Sarah Vasey storms to sprint breaststroke goldApril 6, 2018
Sarah Vasey won 50m Breaststroke gold to claim England’s fifth swimming title of the Gold Coast 2018 Commonwealth Games.
The Loughborough NC swimmer swam her fastest time of the competition, taking the touch in 30.60.
The 21-year old trains alongside Adam Peaty in Mel Marshall’s performance squad at Loughborough, and made her senior debut at last year’s World Championships in Budapest.
— Swim England (@Swim_England) April 6, 2018
She looked at home on the world stage last year, reaching the finals of both the 50m and 100m Breaststroke in Hungary, finishing sixth in the former.
And Vasey put in another bold performance to take her first senior international title.
After a slow start, the English swimmer hauled in Jamaica’s fastest qualifier and defending silver medallist Alia Atkinson.
Atkinson came home in 30.76 for silver while Australia’s Leiston Pickett – champion from the last two Games – was third on 30.78.
Wanted to join the gold rush
“I just wanted to join the gold rush that went on last night for the English team,” said Vasey.
“I knew I was in a good position, but I didn’t want to get het up about it. I was just thinking about the process.
“My finishes in the heat and the semi weren’t great so I just knew if I nailed my finish then I’d be in a really good position.
“Last night was so good to watch. I share a room with Aimee [Willmott] so when she came back and I saw her medal I thought ‘I want one of those’.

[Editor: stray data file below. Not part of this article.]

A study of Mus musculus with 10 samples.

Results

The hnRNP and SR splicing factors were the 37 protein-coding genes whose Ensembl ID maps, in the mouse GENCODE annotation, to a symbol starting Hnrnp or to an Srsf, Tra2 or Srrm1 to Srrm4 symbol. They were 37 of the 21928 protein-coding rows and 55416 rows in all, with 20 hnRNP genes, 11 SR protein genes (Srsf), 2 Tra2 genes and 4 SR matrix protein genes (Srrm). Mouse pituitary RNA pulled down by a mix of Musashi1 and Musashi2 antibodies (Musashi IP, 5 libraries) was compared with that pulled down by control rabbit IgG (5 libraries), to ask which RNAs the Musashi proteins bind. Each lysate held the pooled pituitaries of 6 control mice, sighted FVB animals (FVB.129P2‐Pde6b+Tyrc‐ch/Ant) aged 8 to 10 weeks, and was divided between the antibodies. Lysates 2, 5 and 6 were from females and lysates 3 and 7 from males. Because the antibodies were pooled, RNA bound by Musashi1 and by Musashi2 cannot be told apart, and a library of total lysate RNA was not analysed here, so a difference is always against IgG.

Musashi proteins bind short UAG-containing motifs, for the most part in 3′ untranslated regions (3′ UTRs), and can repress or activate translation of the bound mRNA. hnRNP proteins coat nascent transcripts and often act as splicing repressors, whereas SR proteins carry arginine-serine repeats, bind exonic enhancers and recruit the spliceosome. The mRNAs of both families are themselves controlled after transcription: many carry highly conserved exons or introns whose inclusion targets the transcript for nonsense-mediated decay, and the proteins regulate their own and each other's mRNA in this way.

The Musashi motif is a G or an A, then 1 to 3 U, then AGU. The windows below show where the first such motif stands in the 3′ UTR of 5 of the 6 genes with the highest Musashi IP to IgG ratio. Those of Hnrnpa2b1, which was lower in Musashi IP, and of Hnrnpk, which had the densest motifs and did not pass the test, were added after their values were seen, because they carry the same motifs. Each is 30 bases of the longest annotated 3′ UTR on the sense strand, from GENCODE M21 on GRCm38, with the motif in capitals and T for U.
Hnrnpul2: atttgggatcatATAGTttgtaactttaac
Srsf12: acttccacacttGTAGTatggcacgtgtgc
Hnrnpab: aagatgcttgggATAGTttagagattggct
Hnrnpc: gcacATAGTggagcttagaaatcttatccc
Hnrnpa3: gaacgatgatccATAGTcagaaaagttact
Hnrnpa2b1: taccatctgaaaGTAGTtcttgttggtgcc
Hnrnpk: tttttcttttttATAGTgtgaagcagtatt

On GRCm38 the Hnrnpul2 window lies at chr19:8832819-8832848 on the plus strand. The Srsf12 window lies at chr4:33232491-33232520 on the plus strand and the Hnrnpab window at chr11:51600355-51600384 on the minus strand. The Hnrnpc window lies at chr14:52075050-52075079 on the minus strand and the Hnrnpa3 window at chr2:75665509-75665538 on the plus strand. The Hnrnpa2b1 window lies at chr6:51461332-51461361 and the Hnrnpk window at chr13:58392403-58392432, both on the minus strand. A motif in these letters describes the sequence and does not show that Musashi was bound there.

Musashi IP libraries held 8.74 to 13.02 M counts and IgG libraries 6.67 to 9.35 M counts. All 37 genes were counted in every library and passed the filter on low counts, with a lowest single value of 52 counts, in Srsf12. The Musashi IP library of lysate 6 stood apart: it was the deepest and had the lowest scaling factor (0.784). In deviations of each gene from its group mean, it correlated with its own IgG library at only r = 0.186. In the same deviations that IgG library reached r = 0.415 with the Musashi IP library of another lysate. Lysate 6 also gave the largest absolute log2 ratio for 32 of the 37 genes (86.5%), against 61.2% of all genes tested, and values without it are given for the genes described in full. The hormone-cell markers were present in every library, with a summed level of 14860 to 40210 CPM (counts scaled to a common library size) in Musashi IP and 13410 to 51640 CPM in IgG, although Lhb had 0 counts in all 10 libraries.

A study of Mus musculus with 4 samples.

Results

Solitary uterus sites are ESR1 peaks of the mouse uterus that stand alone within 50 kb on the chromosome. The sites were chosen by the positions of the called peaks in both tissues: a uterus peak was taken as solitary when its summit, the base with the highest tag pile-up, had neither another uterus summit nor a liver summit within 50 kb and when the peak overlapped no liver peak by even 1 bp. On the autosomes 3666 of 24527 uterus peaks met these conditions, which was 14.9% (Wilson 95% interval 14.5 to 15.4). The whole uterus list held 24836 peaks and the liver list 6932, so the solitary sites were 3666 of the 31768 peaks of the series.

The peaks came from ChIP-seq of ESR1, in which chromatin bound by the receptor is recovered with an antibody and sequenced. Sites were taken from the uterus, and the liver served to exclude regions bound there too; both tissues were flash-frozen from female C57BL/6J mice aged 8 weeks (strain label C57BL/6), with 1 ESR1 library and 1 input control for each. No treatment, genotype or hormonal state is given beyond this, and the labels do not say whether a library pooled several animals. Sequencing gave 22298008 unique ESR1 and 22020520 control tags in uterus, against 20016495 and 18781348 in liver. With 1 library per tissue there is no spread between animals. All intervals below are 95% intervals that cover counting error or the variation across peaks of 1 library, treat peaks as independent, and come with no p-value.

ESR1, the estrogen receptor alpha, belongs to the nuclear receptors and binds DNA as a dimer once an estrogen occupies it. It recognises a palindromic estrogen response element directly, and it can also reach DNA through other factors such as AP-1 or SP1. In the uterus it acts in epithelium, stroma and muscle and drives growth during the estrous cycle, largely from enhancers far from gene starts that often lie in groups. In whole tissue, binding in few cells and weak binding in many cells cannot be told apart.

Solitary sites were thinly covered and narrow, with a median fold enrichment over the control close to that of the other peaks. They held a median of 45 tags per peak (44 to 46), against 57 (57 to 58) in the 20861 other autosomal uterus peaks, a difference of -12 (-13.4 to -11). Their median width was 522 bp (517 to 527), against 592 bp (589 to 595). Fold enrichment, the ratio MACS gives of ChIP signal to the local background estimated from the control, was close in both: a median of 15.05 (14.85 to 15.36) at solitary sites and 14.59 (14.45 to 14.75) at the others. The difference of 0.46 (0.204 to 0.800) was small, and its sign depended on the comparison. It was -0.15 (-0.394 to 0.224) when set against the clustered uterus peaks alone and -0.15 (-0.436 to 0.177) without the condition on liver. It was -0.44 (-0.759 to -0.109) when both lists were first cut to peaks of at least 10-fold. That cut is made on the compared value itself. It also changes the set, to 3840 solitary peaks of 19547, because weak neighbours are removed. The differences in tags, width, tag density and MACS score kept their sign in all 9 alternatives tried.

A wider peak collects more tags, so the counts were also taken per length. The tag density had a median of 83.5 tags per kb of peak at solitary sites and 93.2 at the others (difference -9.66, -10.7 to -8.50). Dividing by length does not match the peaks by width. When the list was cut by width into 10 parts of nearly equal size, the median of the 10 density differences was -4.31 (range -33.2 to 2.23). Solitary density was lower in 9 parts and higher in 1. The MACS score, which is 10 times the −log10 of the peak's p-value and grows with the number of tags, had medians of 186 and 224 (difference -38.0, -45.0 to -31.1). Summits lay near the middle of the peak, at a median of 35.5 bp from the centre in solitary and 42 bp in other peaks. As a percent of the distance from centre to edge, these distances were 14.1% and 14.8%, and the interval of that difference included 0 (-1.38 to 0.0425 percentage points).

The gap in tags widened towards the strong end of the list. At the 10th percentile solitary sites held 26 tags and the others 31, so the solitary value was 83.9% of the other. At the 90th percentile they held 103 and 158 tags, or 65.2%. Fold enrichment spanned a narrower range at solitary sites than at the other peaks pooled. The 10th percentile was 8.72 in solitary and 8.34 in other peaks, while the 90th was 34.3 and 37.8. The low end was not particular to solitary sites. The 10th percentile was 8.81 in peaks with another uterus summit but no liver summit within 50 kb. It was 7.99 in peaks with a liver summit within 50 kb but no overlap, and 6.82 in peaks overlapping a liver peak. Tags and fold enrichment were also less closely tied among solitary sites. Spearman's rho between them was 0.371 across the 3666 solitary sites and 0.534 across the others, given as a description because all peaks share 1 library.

“I cried when James [Wilby] won. I was an emotional wreck. It’s just nice when you see how hard someone has worked and they finally get the glory they deserve. It’s really inspiring.”
Jacob Peters lowers age group record in maiden final
Poole’s Jacob Peters also impressed in his first Commonwealth Games final, setting a personal best to finish seventh in the 50m Butterfly.
The 17-year old lowered his own British age group record from the semi-finals, stopping the clock on 24.00.
South Africa’s four-time Olympic medallist Chad Le Close won gold on 23.37.
James Guy was back in the pool after his 400m Free bronze on the opening night, finishing fourth in an exciting 200m Freestyle final.
The English swimmer – who won world gold over 200m Free three years ago – was up with the pace in the final, turning in first with 50m to go.
But Guy couldn’t quite hold to his podium position, with Australia claiming a one-two and Scotland’s Duncan Scott taking third. Guy touched in 1:46.40, trailing Scott by just 0.1 seconds.